Family common name: common sawflies
Genus: Monophadnoides Ashmead, 1898
The Tenthredinidae are the most species-rich family and are found throughout the world, in all continents but Antarctica. They are known as the “common sawflies.” They can generally be recognized by a cylindrical body and long, segmented antennae. Otherwise, they come in a variety of colors, sizes, and forms (Goulet 1992).
Sawflies in the subfamily Blennocampinae have a diverse set of life histories and habits. Many species are restricted to subtropical and tropical regions, but the genus is still fairly species-rich in North America. Blennocampinae includes many sawflies that feed on ornamental and forestry crops. This subfamily can be recognized by wing venation and bidentate mandibles (Smith 1969d).
The monograph for Blennocampinae (Smith 1969d) synonymizes Monophadnoides and Claremontia. The two genera have since been separated, and the only Nearctic species to remain in Monophadnoides is M. rubi (Taeger et al. 2010, Smith pers. comm. 2020).
Monophadnoides can be confused with similar species in the subfamily Blennocampinae. It can be distinguished from Periclista by the fore wing veins 2A and 3A and by a lack of membranous area on the anepimeron, from Monophadnus by the lack of a divide on the katepimeron, and from Claremontia by the relative length of the third and fourth antennal segments and the lack of a tarsal claw basal lobe (Smith 1969d). Claremontia is also characterized by a postocular furrow which is not present in Monophadnoides (Smith 2015).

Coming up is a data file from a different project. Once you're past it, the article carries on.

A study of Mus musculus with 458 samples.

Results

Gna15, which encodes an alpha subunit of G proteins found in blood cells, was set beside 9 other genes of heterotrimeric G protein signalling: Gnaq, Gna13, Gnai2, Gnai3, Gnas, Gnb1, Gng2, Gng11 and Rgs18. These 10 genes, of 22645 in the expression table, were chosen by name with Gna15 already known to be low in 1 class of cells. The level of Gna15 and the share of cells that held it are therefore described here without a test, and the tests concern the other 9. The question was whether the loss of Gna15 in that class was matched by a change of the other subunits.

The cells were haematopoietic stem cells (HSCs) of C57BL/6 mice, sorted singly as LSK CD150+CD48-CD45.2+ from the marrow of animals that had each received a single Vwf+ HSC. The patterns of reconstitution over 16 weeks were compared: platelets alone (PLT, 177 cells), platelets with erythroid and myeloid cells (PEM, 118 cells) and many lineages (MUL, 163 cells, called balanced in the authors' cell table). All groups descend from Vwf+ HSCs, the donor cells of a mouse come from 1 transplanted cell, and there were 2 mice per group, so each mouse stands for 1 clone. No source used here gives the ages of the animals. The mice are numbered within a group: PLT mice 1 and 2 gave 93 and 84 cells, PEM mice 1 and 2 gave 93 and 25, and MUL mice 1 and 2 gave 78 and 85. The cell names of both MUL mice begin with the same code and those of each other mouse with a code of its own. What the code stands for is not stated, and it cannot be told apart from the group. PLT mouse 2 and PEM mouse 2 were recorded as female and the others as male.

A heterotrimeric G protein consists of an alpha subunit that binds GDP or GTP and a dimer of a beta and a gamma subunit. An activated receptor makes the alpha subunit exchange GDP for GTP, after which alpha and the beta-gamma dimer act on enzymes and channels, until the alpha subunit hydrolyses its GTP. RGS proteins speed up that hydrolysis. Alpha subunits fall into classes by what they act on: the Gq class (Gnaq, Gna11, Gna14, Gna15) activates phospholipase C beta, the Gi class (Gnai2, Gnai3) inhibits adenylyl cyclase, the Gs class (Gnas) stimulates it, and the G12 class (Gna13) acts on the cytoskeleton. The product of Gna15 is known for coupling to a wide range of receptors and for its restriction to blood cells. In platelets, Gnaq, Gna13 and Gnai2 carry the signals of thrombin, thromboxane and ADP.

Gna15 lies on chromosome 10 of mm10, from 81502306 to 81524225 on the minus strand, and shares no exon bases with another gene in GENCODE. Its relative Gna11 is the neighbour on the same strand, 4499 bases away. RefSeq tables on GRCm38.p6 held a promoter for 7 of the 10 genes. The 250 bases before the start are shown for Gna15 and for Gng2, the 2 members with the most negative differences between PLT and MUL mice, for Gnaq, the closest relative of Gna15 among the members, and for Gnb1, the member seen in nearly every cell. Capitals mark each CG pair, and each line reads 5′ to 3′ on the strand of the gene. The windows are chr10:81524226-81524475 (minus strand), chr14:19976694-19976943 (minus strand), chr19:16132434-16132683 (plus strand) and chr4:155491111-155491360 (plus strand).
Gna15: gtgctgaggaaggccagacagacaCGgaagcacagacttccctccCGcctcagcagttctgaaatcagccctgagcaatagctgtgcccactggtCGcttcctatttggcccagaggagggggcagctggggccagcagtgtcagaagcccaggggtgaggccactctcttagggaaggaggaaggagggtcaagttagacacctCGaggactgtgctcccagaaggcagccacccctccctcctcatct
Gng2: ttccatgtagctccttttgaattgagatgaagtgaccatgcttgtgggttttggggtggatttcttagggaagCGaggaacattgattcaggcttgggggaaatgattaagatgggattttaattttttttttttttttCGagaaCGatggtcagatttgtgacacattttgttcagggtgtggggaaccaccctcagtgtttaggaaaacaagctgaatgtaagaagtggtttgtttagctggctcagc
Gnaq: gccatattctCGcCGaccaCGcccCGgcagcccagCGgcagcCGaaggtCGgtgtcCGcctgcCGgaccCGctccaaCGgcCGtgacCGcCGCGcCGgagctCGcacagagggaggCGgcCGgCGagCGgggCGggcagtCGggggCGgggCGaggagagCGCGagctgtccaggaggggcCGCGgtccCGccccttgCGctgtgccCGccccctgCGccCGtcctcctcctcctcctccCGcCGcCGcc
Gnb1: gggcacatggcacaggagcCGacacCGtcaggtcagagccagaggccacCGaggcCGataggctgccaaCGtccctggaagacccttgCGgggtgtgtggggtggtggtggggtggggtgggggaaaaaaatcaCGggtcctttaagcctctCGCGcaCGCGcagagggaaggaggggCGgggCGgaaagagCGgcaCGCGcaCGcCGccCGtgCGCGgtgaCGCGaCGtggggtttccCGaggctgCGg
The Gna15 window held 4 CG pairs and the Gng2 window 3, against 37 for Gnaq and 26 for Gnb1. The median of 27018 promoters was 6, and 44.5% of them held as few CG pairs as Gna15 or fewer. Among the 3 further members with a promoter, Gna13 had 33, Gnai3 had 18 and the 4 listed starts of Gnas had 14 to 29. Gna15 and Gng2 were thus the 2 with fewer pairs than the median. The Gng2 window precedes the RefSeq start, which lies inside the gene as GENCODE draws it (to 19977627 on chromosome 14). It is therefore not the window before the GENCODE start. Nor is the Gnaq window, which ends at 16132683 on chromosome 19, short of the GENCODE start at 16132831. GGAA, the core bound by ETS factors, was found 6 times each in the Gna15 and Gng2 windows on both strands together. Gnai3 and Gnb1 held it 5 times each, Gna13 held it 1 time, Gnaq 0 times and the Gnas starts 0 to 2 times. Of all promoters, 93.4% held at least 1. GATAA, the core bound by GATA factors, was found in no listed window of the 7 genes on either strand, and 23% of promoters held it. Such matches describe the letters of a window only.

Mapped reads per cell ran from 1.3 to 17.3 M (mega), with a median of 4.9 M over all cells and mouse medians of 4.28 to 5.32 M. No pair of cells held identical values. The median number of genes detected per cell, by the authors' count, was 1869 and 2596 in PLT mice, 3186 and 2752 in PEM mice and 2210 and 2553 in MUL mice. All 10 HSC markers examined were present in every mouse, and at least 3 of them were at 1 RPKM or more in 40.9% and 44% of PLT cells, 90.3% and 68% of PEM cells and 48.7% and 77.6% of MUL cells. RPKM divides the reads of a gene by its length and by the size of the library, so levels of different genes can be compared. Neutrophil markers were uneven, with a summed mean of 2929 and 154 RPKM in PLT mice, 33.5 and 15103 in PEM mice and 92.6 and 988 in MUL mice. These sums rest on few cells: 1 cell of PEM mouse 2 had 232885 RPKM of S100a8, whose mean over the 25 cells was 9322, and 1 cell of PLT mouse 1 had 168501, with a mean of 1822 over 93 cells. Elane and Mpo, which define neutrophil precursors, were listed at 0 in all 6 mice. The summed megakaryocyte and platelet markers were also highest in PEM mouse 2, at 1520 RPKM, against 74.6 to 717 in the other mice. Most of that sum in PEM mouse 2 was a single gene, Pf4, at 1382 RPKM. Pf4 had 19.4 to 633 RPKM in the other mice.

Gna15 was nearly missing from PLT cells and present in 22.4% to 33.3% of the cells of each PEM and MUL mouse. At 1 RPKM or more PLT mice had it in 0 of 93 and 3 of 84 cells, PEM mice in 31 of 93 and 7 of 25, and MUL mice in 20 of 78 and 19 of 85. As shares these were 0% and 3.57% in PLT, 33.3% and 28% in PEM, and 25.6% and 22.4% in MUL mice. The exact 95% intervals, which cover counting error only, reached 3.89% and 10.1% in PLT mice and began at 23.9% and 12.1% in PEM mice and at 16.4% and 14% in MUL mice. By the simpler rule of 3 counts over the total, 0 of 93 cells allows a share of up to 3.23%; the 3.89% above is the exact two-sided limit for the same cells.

Monophadnoides rubi is commonly known as the raspberry sawfly because of its notoriety as a pest on raspberry plants. Females oviposit into the tissue of the leaves. Emerged larvae feed on the underside of the leaf, making small round holes. As the larvae mature, they feed on the entire leaf. Larvae are light green in color with several fleshy spines. At maturity, they fall to the ground and overwinter in the soil (Vaughan and Rosenstiel 1949).
North America: Monophadnoides rubi occurs throughout the United States, as far south as Texas and Georgia, and in southern Canada (Smith 1969d).
Map data from: GBIF.org (29 October 2019) GBIF Occurrence Download Monophadnoides
Details about data used for maps can be found here.